DOJ does not oppose request for “Cartel” traders deposition in FX benchmark rate fixing case
The Department does not oppose that the plaintiffs in a Forex benchmark rate fixing case depose Gardiner, Usher, Ramchandani, and Ashton.
The United States Department of Justice (DOJ) says it has no objections to plaintiffs’ request in a Forex benchmark rate fixing case to depose the members of the so-called “Forex Cartel”.
On Monday, November 5, 2018, the DOJ filed a response to the plaintiffs’ request in a case which targets some of the world’s major banks, like HSBC, Citi and JPMorgan. The case, captioned Nypl v. JP Morgan Chase & Co. et al (1:15-cv-09300), was brought on behalf of a putative class of consumers and end-user businesses alleging that they paid inflated Forex rates caused by an alleged conspiracy among some of the US top banks to fix prices of FX benchmark rates in violation of Section 1 of the Sherman Antitrust Act, 15 U.S.C. sec. 1 et seq.
Let’s recall that, in late October, the plaintiffs in the case filed a request with the New York Southern District Court, asking that to lift and vacate the stay of the Court’s Order of September 25, 2018, which prohibited the Nypl plaintiffs from taking the depositions of the signatories to the Plea Agreements and Deferred Prosecution Agreement (and/or other witnesses competent to testify to the substance of the Pleas at trial).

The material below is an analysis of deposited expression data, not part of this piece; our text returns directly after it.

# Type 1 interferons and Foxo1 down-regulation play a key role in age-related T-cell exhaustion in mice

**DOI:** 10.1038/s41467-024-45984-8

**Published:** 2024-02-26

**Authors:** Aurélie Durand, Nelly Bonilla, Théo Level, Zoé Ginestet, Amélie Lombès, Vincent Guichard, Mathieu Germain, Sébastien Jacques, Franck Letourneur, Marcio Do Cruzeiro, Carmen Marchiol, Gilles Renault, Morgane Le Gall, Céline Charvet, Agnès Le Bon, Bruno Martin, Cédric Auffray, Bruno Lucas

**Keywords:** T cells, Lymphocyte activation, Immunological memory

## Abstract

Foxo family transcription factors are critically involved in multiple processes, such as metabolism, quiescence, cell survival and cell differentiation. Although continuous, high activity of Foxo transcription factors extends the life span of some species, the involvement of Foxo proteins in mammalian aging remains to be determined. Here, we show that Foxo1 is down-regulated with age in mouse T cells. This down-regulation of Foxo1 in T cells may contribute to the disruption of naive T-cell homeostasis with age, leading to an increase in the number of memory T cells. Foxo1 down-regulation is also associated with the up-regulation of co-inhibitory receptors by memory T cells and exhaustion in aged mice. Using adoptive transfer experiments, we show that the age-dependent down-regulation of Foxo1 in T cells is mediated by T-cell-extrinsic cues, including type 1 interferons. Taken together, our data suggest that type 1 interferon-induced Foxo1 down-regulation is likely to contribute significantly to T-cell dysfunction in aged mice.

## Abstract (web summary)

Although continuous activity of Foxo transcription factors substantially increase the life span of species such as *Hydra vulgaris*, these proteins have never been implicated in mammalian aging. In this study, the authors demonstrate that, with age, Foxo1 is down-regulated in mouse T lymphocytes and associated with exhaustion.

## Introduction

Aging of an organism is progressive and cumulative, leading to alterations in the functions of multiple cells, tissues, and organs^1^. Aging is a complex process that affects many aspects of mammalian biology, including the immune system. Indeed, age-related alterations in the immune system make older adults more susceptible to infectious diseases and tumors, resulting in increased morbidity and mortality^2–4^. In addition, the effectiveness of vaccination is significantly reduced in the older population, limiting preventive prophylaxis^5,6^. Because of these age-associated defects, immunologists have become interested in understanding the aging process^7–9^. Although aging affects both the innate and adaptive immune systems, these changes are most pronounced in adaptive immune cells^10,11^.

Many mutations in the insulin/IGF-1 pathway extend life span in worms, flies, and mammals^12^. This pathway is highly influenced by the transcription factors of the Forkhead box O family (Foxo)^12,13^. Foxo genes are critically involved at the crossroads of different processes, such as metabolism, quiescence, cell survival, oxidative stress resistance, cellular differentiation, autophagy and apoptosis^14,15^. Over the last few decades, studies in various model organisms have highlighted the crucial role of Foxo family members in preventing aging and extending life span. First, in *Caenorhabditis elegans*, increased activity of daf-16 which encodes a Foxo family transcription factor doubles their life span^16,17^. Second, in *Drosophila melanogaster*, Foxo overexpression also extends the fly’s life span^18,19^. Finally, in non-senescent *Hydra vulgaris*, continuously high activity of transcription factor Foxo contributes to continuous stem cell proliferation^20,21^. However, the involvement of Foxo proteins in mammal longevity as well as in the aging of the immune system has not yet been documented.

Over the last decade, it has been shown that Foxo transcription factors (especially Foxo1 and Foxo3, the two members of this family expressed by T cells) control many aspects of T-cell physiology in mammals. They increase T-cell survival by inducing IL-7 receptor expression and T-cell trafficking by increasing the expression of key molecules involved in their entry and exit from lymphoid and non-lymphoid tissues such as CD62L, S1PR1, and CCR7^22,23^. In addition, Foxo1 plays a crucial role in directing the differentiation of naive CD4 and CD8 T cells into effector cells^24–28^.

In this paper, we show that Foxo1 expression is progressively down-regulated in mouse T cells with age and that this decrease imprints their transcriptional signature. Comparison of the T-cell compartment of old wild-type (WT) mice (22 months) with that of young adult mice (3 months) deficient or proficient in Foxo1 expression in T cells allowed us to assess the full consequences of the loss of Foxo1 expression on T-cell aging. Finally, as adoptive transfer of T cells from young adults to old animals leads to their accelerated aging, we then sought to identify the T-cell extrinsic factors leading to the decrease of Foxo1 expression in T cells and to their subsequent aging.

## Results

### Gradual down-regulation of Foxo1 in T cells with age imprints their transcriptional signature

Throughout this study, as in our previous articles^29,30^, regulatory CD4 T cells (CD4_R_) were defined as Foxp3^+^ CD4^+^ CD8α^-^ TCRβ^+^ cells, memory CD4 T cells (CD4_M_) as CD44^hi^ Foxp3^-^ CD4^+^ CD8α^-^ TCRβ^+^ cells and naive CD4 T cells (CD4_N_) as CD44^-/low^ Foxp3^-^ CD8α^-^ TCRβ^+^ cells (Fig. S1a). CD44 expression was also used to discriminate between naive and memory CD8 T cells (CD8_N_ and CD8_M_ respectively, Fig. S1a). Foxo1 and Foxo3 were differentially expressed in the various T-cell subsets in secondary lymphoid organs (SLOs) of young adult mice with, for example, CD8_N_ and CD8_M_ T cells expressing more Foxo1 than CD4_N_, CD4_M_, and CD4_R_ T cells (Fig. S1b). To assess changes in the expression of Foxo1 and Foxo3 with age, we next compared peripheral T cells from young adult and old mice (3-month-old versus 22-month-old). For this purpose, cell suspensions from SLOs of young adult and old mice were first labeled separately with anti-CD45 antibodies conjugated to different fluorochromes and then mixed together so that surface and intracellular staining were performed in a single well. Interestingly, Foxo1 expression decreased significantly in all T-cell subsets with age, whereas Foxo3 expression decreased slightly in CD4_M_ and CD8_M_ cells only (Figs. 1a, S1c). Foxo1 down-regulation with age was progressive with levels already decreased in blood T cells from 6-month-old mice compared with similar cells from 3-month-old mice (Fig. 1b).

They also asked to be allowed to take the depositions of the participants in the “Cartel” chatroom; namely, Messers Matthew Gardiner (the Government’s chief witness in the “Cartel” case), Christopher Ashton, Richard Usher, and Rohan Ramchandani.
The request was filed shortly after a Jury cleared Ashton, Usher, and Ramchandani, of Forex market rigging.
On Monday, November 5, 2018, the DOJ made it clear that it “construes the NYPL Plaintiffs’ request to depose Gardiner, Usher, Ramchandani, and Ashton as such, and does not object if Plaintiffs attempt to depose those individuals, who are resident in the United Kingdom”.
However, the Department objects to the NYPL Plaintiffs’ request that it be required to identify witnesses competent to testify about the substance of the bank pleas, and to produce all documents related to the negotiation of those pleas. The DOJ argues that it is not a party to this case and is under no obligation to identify witnesses for the Plaintiffs or to produce plea negotiation documents.